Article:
Laser Refractive Surgery
By Richard Phinney, M.D.
Laser refractive surgery is the term given to a number of procedures designed to change the focusing properties of the eye. The clear curved cornea is modified by the application of laser energy in such a way that images are more accurately focused on the retina reducing or eliminating the need for glasses or contacts.
Photo refractive keratectomy or PRK is the procedure first approved to correct nearsightedness and astigmatism by the FDA in 1996. The excimer laser energy is placed directly on the surface of the cornea to reshape it in such a way that the images of distant objects are more accurately focused on the retina. It works well for people with thin corneas who have low to moderate amounts of myopia and astigmatism. Because PRK is performed on the corneal surface, there is typically more discomfort than with LASIK and may limit activities for a few days to a few weeks, but results are as good as LASIK.
Advances in the microkeratome instrument in the late 1990s made the procedure known as LASIK (laser-assisted intrastromal keratomileusis) commonplace. LASIK surgery employs the same excimer laser used in PRK, but the application to the cornea is below the surface. A thin corneal flap (much like a contact lens on a hinge) is first formed by a microkeratome, or more recently, another type of laser. The microkeratome is a mechanical device which uses a blade to cut the flap, whereas the femtosecond laser (IntraLase or iLASIK) creates the flap by accurate application of energy within the cornea. With its excellent safety profile and visual outcomes, the IntraLase Laser Technology is among the fastest growing refractive surgical techniques. Both techniques take less than a half minute per eye to perform. This flap is retracted on the hinge prior to application of the laser energy on the cornea’s center. The flap is then laid back in place and adheres by natural means. Distance vision is usually good enough for people to be back to work and drive without glasses within 24 hours. Eye drops are used for a few days after LASIK and for several weeks after PRK.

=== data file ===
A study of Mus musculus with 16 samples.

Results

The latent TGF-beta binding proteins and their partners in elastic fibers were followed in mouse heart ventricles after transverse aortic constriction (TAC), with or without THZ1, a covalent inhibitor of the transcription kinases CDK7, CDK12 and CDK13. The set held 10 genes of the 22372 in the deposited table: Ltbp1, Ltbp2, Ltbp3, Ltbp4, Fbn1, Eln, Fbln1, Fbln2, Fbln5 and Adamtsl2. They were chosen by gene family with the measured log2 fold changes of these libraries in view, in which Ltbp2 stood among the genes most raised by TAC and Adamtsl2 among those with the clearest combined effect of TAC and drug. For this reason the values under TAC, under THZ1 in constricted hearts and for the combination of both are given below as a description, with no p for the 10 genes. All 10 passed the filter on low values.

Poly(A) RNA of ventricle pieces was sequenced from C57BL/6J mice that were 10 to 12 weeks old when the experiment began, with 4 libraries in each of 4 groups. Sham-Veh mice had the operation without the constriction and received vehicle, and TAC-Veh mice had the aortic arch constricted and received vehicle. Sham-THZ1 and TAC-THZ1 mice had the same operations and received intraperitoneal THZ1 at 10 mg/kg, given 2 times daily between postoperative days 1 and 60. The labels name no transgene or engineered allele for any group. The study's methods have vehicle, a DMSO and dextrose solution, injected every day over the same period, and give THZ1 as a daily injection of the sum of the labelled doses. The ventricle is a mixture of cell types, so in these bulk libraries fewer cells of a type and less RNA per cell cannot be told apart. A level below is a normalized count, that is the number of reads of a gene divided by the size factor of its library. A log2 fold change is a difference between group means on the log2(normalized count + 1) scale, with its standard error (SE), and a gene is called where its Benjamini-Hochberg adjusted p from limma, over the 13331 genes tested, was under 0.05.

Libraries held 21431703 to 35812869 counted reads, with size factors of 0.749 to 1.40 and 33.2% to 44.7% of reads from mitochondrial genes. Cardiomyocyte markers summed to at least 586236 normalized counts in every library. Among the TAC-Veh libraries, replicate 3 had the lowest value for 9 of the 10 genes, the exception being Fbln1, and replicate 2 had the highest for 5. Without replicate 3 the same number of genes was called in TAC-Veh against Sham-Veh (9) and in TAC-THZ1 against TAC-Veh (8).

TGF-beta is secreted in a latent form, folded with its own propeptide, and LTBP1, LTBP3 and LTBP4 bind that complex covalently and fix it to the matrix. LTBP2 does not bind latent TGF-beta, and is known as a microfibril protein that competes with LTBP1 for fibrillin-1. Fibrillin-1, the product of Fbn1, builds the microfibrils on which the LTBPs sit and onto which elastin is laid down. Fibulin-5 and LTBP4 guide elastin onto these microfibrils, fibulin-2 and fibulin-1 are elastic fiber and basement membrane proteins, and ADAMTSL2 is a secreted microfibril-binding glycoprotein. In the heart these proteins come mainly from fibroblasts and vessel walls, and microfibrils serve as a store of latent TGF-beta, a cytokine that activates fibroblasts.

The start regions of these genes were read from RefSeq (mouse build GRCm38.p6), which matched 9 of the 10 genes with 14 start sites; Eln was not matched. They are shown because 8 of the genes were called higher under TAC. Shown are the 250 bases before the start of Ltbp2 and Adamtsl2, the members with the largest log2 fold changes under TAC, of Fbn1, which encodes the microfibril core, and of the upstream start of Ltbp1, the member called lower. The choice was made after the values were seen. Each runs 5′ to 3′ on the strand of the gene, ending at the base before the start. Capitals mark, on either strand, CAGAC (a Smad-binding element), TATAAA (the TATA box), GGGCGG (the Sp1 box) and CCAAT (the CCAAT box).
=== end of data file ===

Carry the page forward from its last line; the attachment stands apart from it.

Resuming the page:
Middle-aged people who require a bifocal segment in glasses to assist reading will still need reading glasses or may opt for something known as monovision. In this situation, one eye is corrected for distance while the other is made somewhat nearsighted for reading. People are able to see at distance with the fully corrected eye and at near with the other. Many people easily adapt to this condition which admittedly, sounds somewhat bizarre. If this option is elected and later the patient finds that they can’t adapt, it is possible to convert the near eye to a distance eye. Reading glasses can then be used.
Today’s laser technology has provided millions of people worldwide with freedom from glasses and contact lenses. The risk of surgical complications exists with all operations, and imperfect vision may be the consequence of laser refractive surgery. National studies indicate that mild uncorrectable vision loss (two lines on the eye chart) occurs in 1 – 2% of patients following conventional laser application. Advances in the programming of laser application with information gathered from the unique imperfections of the eye by a device known as an aberrometer give a more precise and personalized “custom” treatment. These custom applications have improved visual outcomes and reduced the risk of vision loss. Not all lasers are approved for this type of treatment.
The laser vision correction marketplace can be confusing for patients. There are differences in the capabilities of FDA approved lasers, differences in surgeon experience, and differences in post-operative care. Sometimes people get caught up in the hype of advertising and forget this is surgery that demands pre and post-operative attention to details by an easily accessed, experienced eye doctor.
Dr. Richard Phinney is certified by the American Board of Ophthalmology and by the American Board of Eye Surgeons in LASIK surgery. Dr. Phinney received subspecialty credentials in diseases and surgery of the cornea at UCLA’s prestigious Jules Stein Eye Institute. For more information visit us online at www.esaeyecare.com.